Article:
Australia paceman Mitchell Johnson says he has little sympathy for the troubles of England captain Alastair Cook.
Cook's side were thrashed 5-0 by Australia in the Ashes, with his own struggle for runs adding to his woes.
"I don't think I'm going to feel sorry for an opposition player," said Johnson, who was Australia's star as he took 37 wickets in the series victory.
"We all go through our highs and lows and I understand that and have been through it like any other cricketer."
Cook scored just 246 runs in 10 innings during the Ashes, and was dismissed for four as England were beaten by Australia in the first of five one-day internationals.
He also managed only one in a game against the Prime Minister's XI on Tuesday, England's first win on the tour for two months.
"It's definitely very tough for him at the moment," said Johnson, who is set to return to the Australian side for Friday's second ODI after being rested for the opener.
"Obviously everyone looks up to their captain so I'm sure he's finding it very hard at the moment.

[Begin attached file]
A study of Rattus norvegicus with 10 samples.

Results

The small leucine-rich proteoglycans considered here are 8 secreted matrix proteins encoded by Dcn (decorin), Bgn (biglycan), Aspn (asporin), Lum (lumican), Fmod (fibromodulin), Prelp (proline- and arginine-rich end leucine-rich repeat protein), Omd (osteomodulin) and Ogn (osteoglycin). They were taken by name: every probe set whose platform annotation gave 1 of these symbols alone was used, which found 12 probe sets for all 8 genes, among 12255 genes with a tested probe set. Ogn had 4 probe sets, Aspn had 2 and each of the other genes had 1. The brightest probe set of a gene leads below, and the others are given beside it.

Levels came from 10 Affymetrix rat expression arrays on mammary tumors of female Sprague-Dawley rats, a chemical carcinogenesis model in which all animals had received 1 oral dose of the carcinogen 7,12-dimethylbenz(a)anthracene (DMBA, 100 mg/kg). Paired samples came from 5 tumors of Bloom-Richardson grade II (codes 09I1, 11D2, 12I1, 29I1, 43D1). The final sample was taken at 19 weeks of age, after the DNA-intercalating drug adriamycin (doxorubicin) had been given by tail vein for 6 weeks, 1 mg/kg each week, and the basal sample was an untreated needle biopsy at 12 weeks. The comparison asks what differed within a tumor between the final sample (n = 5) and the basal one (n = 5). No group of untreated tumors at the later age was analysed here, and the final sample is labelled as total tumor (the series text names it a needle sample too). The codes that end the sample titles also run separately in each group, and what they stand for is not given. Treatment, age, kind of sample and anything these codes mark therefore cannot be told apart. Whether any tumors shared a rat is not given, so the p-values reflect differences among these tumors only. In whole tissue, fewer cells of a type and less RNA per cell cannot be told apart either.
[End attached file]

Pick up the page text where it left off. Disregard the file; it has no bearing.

"There's a lot of pressure on him and he's definitely feeling it."
Meanwhile, former England captain Mike Brearley, who led England to a home Ashes win in 1981, says he believes time away from the game can help Cook.
"He is having an exceptionally hard time. He can't score the runs that he usually scores and it's relentless defeat after defeat," Brearley told BBC Sport.
"To keep one's chin up without getting intense and tense and anxious is almost impossible under that kind of scrutiny and exposure. He is doing as well as he can do.
"It is maybe that he really does need a bit of time away, which he will get after the one-day internationals are over and he can have two or three months when he can go onto his wife's farm, drive a tractor, have a few beers and forget about cricket for a while. That would be the best thing for him."